All 999 calls will be subject to target times following an overhaul of the ambulance response system announced today.
NHS England said that under the plans, the severity of the patient’s condition will more effectively determine the response, with call handlers given ‘slightly more time’ to decide what is most appropriate.
There will be a new target for ambulances to reach the most seriously ill patients in an average time of seven minutes, with the ‘clock’ only stopping when the most appropriate response arrives on scene, rather than the first.
There will also be mandatory response time targets for all 999 calls, abolishing the ‘green’ rating they can currently receive which can place them in long queues.
NHS England will also begin tracking the times from 999 calls to hospital treatment for heart attacks and strokes, ‘where a prompt and appropriate response is particularly critical’.
The measure will see new targets for:
- 90% of eligible heart attack patients to receive definitive treatment (balloon inflation during angioplasty at a specialist heart attack centre) within 150 minutes; and
- 90% of stroke patients to receive appropriate management (thrombolysis for those who require it, and first CT scan for all other stroke patients) within 180 minutes of making a 999 call.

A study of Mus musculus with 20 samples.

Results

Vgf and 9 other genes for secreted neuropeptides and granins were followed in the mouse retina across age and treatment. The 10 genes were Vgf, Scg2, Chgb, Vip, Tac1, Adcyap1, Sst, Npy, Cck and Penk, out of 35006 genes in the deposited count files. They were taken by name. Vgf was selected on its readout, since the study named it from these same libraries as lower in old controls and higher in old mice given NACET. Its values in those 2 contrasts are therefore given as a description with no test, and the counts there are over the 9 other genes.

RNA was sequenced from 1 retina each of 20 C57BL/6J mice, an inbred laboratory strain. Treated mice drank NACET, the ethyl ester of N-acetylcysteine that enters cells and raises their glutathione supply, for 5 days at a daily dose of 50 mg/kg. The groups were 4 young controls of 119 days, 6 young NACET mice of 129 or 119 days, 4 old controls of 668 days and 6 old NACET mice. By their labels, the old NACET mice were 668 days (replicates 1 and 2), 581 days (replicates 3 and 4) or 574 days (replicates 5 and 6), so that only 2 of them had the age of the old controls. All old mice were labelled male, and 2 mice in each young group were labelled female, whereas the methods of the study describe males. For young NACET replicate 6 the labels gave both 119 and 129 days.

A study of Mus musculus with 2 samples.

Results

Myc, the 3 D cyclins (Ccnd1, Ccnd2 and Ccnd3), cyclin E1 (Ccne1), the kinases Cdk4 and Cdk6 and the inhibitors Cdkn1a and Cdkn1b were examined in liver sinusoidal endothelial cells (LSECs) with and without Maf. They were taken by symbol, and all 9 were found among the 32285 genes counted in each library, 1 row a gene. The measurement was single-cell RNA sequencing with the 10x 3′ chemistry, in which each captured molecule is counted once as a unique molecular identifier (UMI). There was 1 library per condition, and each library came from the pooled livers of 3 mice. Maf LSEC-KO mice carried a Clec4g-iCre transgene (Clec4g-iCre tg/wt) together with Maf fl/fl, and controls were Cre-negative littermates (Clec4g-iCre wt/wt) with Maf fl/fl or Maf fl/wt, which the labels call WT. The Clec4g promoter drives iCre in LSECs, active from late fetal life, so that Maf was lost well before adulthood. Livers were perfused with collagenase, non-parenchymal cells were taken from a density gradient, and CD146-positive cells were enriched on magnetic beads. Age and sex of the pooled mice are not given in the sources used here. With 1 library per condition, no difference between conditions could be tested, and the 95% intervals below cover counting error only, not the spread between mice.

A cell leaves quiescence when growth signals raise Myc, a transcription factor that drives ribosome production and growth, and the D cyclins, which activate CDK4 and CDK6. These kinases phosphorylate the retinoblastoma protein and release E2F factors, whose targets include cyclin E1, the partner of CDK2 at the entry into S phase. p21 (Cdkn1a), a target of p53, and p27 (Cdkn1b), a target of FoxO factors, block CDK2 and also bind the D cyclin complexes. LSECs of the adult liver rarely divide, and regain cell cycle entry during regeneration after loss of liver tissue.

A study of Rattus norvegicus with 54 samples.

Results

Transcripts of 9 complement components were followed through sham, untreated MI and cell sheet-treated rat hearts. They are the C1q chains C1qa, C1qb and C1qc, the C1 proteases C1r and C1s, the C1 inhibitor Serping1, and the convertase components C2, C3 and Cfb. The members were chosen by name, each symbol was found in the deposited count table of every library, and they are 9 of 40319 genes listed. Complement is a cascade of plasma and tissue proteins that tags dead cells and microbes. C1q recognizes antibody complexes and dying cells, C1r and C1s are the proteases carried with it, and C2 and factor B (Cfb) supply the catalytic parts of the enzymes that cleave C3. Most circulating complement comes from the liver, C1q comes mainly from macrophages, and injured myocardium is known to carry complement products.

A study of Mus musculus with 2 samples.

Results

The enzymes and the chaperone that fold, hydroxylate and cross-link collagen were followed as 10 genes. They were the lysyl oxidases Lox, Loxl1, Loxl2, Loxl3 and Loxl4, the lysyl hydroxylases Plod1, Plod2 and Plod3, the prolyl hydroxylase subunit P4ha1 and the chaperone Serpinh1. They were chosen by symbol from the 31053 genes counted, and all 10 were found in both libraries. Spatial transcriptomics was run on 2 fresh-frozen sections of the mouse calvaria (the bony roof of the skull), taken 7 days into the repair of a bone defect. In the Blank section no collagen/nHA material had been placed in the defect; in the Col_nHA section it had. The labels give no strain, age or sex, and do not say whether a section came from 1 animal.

NHS England said the new targets should be ‘achieved in the coming years’, although data collection will ‘begin immediately’.
Trials of the planned changes have been subject to a study carried out by Sheffield University, which deemed them ‘safe’, NHS England added.
Crucially, the new system does not downgrade calls where patients are in the care of a GP, as was piloted last year.
The trial in Yorkshire, which was criticised by GPs, allowed waits of up to 40 minutes for a wide range of serious conditions, including heart attacks, strokes, sepsis and meningitis, when a patient was already with a health professional.
An NHS England spokesperson told Pulse that the new programme instead ‘reduces delay in getting to such patients’.
NHS England national medical director Sir Bruce Keogh said: ‘These changes, together with ambitious new clinical standards for heart attack and stroke patients, will end the culture of “hitting the target but missing the point”. They will refocus the service on what actually counts: outcomes for patients.’
Royal College of Emergency Medicine president Taj Hassan welcomed the plans, adding: ‘Response times will be more appropriate according to the patient’s need, and trials have suggested that ambulances could arrive up to three minutes quicker to the most serious incidents – time which can make the difference between life and death.’
The news comes as GPs warned last year that patients were dying while waiting for ambulances, with GPs taking the decision to drive patients to the hospital themselves on a number of occasions.